Can we develop the agility of a cat and lose the rigidity of a washing machine?
After reading a very insightful piece by former derivatives trader and current philosophical essayist Nassim Nicholas Taleb, my eyes have been opened to how institutions should be created to better withstand volatility.
Many know Taleb for his Black Swan theory, which details the implications of incalculable, ‘surprise’ events resulting in some degree of catastrophic damage. In a Wall Street Journal op-ed titled Learning to Love Volatility, Taleb draws from his former theory, using it to derive the term “Antifragility.” The opposite of being vulnerable to volatility, antifragility was coined to describe the concept of creating institutions that won’t fall apart when they encounter black swan events.
Instead, they will be able to use these seeming disasters to improve upon themselves and continue to grow stronger.
No matter how hard we try, we can’t make something that will accurately predict a future black swan. What we can do, though, is create something that’s resilient to them. Taleb goes on to propose five rules for increasing instances of antifragility in our socioeconomic lives.
Touched upon were theories such as:
Thinking of the economy as more humanistic than machine.
Favoring businesses that progress with every failure.
Bigger isn’t always better.
Learn by doing and through trial and error.
The need for decision makers with skin in the game.
Out of the aforementioned concepts, I found the first rule, which is analogous to the need for our economy to be thought of more like a cat than a washing machine, to resonate most with me.
“Deprive your bones of stress and they become more brittle"
The theme here is that by being more human than machine, our economy and all of its moving parts might develop a means of shock absorption and adaptability to withstand pressures. This way, we can reap the developmental rewards of exposure to unfavorable circumstances, while averting any major damaging effects they could cause.
“Deprive your bones of stress and they become more brittle,” says Taleb. By constantly shielding all things from unpredictable discomforts, they will not be pushed to develop and grow stronger. Stress, discomfort, and volatility are all parts of life and using them to our advantage by exposing our (prepared) selves to them is how we grow stronger.
Foreign currency trading is a good example of an antifragile system. The FX market is over $5 trillion USD equivalent, which means many pairs can be considered some of the most liquid asset classes in the world. Also, FX is a 24 hour market and currencies are non-standardized, which means they trade OTC rather than on an exchange. This makes it more flexible in relation to other standardized markets and instruments.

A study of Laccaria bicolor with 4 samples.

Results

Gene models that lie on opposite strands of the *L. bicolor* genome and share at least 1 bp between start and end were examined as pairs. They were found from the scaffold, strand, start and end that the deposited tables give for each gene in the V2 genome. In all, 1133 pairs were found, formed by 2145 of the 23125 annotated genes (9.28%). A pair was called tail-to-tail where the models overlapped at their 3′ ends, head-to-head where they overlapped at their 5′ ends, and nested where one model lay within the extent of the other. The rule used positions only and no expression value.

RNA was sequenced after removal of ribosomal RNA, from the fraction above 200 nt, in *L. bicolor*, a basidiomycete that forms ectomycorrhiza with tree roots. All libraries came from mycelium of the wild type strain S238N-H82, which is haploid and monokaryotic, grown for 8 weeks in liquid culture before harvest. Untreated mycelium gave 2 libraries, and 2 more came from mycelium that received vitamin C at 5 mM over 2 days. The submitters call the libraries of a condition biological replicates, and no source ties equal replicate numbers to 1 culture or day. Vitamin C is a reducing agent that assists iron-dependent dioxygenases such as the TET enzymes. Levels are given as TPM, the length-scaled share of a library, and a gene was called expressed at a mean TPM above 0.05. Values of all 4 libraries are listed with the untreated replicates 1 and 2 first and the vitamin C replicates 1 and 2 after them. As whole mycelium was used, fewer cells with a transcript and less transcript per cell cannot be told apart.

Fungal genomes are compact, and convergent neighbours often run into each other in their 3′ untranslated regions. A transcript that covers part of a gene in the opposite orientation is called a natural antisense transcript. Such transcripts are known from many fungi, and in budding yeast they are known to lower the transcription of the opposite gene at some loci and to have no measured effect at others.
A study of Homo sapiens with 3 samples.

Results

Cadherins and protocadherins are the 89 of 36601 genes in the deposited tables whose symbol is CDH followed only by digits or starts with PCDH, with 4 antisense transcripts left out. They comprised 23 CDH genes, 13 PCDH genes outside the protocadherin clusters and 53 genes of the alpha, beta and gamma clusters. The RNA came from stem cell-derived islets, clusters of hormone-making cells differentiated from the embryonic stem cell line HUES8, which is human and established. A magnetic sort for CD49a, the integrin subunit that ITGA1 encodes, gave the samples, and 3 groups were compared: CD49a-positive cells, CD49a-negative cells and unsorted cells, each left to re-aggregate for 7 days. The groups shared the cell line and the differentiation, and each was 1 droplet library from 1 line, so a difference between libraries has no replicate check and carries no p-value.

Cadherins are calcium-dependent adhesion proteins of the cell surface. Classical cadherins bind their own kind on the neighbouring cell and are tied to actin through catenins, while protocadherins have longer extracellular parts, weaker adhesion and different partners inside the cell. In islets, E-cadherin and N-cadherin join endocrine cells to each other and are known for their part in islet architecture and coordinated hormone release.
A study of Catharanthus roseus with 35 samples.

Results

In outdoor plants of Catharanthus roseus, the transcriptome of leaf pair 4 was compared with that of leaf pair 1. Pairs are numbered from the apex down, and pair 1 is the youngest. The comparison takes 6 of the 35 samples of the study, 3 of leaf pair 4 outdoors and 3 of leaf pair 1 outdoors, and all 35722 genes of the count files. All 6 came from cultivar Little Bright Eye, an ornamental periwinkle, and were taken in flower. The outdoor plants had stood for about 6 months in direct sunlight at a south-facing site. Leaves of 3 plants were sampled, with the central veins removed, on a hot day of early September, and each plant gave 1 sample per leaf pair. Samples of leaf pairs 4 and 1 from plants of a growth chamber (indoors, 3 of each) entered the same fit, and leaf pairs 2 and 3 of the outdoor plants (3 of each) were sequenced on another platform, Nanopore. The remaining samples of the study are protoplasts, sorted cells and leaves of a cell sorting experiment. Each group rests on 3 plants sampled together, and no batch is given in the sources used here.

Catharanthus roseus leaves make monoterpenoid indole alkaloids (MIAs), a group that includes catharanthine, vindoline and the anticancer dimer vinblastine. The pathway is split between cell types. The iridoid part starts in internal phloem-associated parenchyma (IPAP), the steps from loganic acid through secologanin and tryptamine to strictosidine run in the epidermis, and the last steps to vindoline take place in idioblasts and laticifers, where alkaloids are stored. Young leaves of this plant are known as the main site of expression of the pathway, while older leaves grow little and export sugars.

Unlike other forms of investing, currencies are traded in pairs. This means one is always bought when the other is sold, so one goes up while the other inevitably goes down against it (trade impact is obviously dependent on volume, liquidity, how thinly traded the pair is, etc.). This in turn creates volatility, which is what allows traders to take advantage of exchange rate fluctuations. Compared to stocks and bonds, FX and commodities are generally considered to be a more volatile asset class. When trading, volatility is good as active pairs are what can be capitalized on.
Institutional investors control a majority of the large and mid cap portions of the stock market. These market participants are moving greater amounts of money and also have less flexibility in risk and the speed they enter and exit the market (tracking error, traders placing orders from portfolio managers, etc.). Many stock market participants are also longer-term investors rather than short-term traders looking to make a quick profit and get out. These factors all contribute to less short-term volatility.
Though the Forex market volume is also comprised primarily of institutional traders, much of it is very liquid and easier to get in and out of due to frequency of money changing hands each day.
Often times, currency trader’s returns languish during market calms. Taking antifagility in Forex trading one step further would be using options on currency futures when markets are tranquil and anticipating the return of volatility.
Another example of antifragility in the currency world is the security of the blockchain technology that underlies cryptocurrency transactions. Though it is not impervious to attacks, it responds to them and grows stronger due to the network size. Of the cryptocurrencies, bitcoin is the oldest at nine years, and thus has withstood the most societal, technical, and monetary volatility and is still here.
I agree with Taleb that the stressors of life are necessary for growth, strength, and continuous progression. Adversity does build character, after all. The only way to advance and get ahead is to push oneself out of their comfort zone. If you can operate with the agility of a cat, rather than the rigidity of a machine, not only will you be able to absorb the shock of a chance black swan, but you will also benefit and grow stronger from it.